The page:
Oh dear, Church of England. So close, and yet so far.
For those who have been outside the loop or just generally have a disinterest in matters of the church, the general synod of the Church of England has controversially voted against allowing women bishops in the Anglican Church. Despite the support of the Archbishop of Canterbury Rowan Williams, the bill fell six votes short of being passed. Those against the bill said they opposed it on the basis that the Bible teaches only men can lead the church and that allowing women bishops would only increase the divide with the Catholic Church at a time when unity is needed.
These arguments against the bill make no sense.
For a start, I think the Anglican Church has pretty much been ignoring St. Paul on the matter whether women can lead a church for about 450 years. Why 450 years? Well, more like 454 to be exact, because 454 years ago Elizabeth I was crowned and declared Supreme Governor of the English Church. She was a woman leading the church (you can’t count her elder sister Mary who repudiated the title). In fact, since 1558 there have been several women proclaimed Supreme Head of the Anglican Church. Mary, Anne, Victoria – we even have one now! Another Elizabeth! So how can members of the clergy justify refusing to allow women to be bishops when they are in a church which has a female leader? If they are that annoyed by the idea of women in power in the church, then why are they employed by the Anglican Church?
On the matter of increasing unity with the Catholic Church… again, I think that ship pretty much sailed 454 years ago. We broke from Rome in 1533 and the major doctrines of the Anglican Church were dictated by the religious beliefs of Elizabeth I, who was excommunicated by the Pope for her troubles. The Anglican Church has been clearly different and separate – you might say divided – for almost five hundred years. Why the sudden desire to be united with Catholicism? The Anglican Church, whether you’re religious or an atheist like me, ought to be something we should have a certain amount of national pride for. This is our own uniquely English church; forged from one man’s desire to marry another woman, shaped and changed by a need for tolerance to avoid religious wars, and boasting of having women in positions of power equal to men – oh, wait, sorry, not quite. Anglicans can have a woman as the head of their church, but they can’t stomach having them make decisions. That wouldn’t be Catholic enough.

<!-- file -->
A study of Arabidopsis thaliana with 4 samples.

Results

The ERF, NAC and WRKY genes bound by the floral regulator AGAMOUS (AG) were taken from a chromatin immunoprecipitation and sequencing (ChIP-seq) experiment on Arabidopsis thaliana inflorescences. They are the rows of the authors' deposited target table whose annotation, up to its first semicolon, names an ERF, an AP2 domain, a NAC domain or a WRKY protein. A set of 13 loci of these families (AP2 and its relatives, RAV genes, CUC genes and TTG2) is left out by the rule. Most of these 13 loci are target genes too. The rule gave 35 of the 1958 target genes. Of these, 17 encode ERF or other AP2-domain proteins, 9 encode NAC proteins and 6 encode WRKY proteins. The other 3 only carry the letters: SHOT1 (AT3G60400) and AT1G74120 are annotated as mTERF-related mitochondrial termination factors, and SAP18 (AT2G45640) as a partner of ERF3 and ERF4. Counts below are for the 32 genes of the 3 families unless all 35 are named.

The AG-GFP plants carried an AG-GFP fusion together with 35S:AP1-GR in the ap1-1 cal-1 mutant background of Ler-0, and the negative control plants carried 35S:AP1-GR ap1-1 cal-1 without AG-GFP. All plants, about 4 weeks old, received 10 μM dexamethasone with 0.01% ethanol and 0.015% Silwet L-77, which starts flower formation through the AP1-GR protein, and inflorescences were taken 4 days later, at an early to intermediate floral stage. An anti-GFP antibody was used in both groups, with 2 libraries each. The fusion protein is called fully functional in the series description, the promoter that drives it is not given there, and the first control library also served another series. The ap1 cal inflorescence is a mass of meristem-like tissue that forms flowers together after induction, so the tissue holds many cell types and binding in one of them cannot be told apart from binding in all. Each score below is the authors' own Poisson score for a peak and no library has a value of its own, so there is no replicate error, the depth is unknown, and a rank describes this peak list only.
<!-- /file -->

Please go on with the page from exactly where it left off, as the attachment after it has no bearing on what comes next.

This decision is pretty much disastrous for the Church. This is an age where more and more people are questioning the relevance of religious life in modern society. More people are losing their faith or have simply never had any. People are debating whether we need a Church of England, whether it is something as an institution anyone can even relate to anymore. How can anyone take them seriously when they can’t even accept the already confirmed role of women in their church? To stay fresh and relevant, any institution has to regroup and modernise. As we’ve now seen, the Anglican Church is determined to stay in the past.